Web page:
Lawmakers, lawyers and the League of Women voters converged on a Leon County Courtroom this week to argue the merits of Florida’s newly revised congressional districts. The judge has upheld the new map, but the fight seems likely to continue.
Stakeholders in Florida’s redistricting fight appeared in court Wednesday. The subject of debate? A new congressional map drafted and passed by the Legislature earlier this month. For anyone who’s not up to speed on the issue, here’s a refresher: after a protracted legal battle, Circuit Judge Terry Lewis ruled two of the congressional districts that came out of the revision in 2011 violated Florida’s constitutional fair districts provisions. He ordered the Legislature to redraw the map, and it completed its changes August 11.
Wednesday’s hearing gave voting rights groups a chance to respond.
Attorneys for the plaintiffs argue the new maps do little to address the concerns that led Lewis to call for a new map.
“Your honor,” League of Women Voters attorney David King says, “on behalf of the coalition plaintiffs, it is our position that the amendment, the map, 9057, continues the unconstitutional district five. They have not made any effort to change the heart of the court’s findings about district five.”
District Five runs on a north/south axis from Jacksonville to the Orlando area and borders District Ten – the other invalidated district – in the Central Florida region. In the unconstitutional version of the map, Lewis pointed out a number of so-called “appendages” on these districts that seemed to pack Democratic-leaning, African-American communities into Five, thus making Ten more reliably Republican.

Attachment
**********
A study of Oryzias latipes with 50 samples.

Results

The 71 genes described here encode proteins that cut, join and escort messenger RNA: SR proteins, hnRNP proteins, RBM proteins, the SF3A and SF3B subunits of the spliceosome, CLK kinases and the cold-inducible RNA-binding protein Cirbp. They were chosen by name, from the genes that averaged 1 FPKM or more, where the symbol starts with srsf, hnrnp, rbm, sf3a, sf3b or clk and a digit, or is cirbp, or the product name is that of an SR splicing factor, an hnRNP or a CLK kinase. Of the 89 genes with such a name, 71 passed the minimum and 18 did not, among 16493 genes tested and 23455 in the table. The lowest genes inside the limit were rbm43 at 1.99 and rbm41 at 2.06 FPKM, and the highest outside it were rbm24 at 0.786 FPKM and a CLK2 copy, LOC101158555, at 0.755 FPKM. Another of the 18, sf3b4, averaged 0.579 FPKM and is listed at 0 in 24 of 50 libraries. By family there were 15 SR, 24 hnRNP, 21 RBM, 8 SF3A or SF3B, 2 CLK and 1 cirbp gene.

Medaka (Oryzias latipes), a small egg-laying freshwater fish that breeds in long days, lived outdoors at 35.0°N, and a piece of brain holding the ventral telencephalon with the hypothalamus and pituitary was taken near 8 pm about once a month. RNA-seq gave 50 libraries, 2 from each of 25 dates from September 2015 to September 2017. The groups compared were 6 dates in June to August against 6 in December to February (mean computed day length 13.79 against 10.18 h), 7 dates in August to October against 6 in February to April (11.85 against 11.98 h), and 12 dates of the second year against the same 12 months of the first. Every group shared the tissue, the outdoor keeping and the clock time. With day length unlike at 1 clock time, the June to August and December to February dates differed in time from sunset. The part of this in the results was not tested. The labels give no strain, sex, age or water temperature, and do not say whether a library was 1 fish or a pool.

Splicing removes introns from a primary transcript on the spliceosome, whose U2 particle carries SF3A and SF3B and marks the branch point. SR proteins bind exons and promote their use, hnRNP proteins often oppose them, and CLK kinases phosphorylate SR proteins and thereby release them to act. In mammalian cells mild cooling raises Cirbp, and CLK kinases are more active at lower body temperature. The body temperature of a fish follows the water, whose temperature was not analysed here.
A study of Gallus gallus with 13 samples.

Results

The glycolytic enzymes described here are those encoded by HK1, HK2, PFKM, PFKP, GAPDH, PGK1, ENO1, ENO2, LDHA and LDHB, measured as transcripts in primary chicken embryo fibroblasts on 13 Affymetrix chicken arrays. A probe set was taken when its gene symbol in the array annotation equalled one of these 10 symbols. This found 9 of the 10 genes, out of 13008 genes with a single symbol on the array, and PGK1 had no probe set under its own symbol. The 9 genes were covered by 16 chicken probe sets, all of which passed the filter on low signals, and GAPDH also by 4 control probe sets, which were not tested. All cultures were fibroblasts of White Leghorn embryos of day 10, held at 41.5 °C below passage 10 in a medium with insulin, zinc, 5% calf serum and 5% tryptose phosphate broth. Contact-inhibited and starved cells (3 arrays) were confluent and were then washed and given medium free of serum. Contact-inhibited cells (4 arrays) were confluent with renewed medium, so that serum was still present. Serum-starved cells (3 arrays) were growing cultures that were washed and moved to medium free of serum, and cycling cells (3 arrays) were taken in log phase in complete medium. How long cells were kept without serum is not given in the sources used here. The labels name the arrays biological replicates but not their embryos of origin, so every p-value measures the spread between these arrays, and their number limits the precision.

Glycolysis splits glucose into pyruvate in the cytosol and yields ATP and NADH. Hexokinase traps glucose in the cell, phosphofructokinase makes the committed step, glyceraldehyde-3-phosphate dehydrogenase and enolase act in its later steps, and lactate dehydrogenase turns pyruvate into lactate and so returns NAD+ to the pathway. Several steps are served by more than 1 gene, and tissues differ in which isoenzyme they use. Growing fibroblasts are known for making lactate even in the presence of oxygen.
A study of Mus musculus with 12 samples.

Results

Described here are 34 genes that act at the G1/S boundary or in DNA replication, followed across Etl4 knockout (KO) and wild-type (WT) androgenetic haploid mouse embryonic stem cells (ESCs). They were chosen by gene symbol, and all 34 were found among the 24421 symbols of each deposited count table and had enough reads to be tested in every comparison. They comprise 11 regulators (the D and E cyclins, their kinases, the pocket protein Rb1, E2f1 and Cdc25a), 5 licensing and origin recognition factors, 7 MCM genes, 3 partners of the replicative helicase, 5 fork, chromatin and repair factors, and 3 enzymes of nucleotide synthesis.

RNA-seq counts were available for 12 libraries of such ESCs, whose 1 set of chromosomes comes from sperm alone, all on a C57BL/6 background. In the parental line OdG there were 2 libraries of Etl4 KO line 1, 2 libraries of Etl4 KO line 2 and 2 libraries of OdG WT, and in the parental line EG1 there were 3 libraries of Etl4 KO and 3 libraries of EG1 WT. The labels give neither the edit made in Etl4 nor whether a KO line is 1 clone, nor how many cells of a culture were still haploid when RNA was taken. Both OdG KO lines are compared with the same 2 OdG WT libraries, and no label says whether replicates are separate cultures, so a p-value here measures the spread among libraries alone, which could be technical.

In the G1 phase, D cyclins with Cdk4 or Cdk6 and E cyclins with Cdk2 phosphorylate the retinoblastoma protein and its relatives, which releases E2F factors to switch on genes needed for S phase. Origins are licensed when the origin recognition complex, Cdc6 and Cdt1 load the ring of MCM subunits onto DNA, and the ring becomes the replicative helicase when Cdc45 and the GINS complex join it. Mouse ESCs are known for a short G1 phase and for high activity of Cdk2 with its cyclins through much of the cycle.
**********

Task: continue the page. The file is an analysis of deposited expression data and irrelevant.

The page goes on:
The revised map removes these appendages, and attorney for the Florida House George Meros says that’s all the judge asked the Legislature to do.
“This court identified two problems. We addressed them completely and precisely as the court ordered. And in doing so, we – I say the staff – made a remarkable, successful effort to improve District Five and the surrounding areas,” Meros says.
But attorneys for the plaintiffs say if District Five ran east to west rather than north to south it would allow for more compactness throughout the state and greater minority representation in Central Florida.
King questioned Harvard Professor and electoral map expert Stephen Ansulabehere about a map proposed by the plaintiffs with an east/west District Five.
Under this proposal, Ansulabehere concedes District Two is less compact than the Legislature’s map, but every other affected district performs better in three commonly used compactness metrics.
Also, the plaintiffs argue the newest map was one-sided in its construction – crafted behind closed doors by Republicans before the Special Session even began. Attorney John Devaney presents this problem in an exchange with House Minority Leader Perry Thurston.
Meros shot back that Democrats did not invite Republicans to participate on a competing proposal offered by Sen. Darren Soto (D-Kissimmee).
Judge Terry Lewis closed the hearing shortly after noon Wednesday with a promise to render his ruling soon. Late Friday, Lewis made good on that promise, releasing a ruling upholding the legislature’s new map and allowing this year’s elections to proceed under the borders previously ruled unconstitutional. Challenges are expected to follow.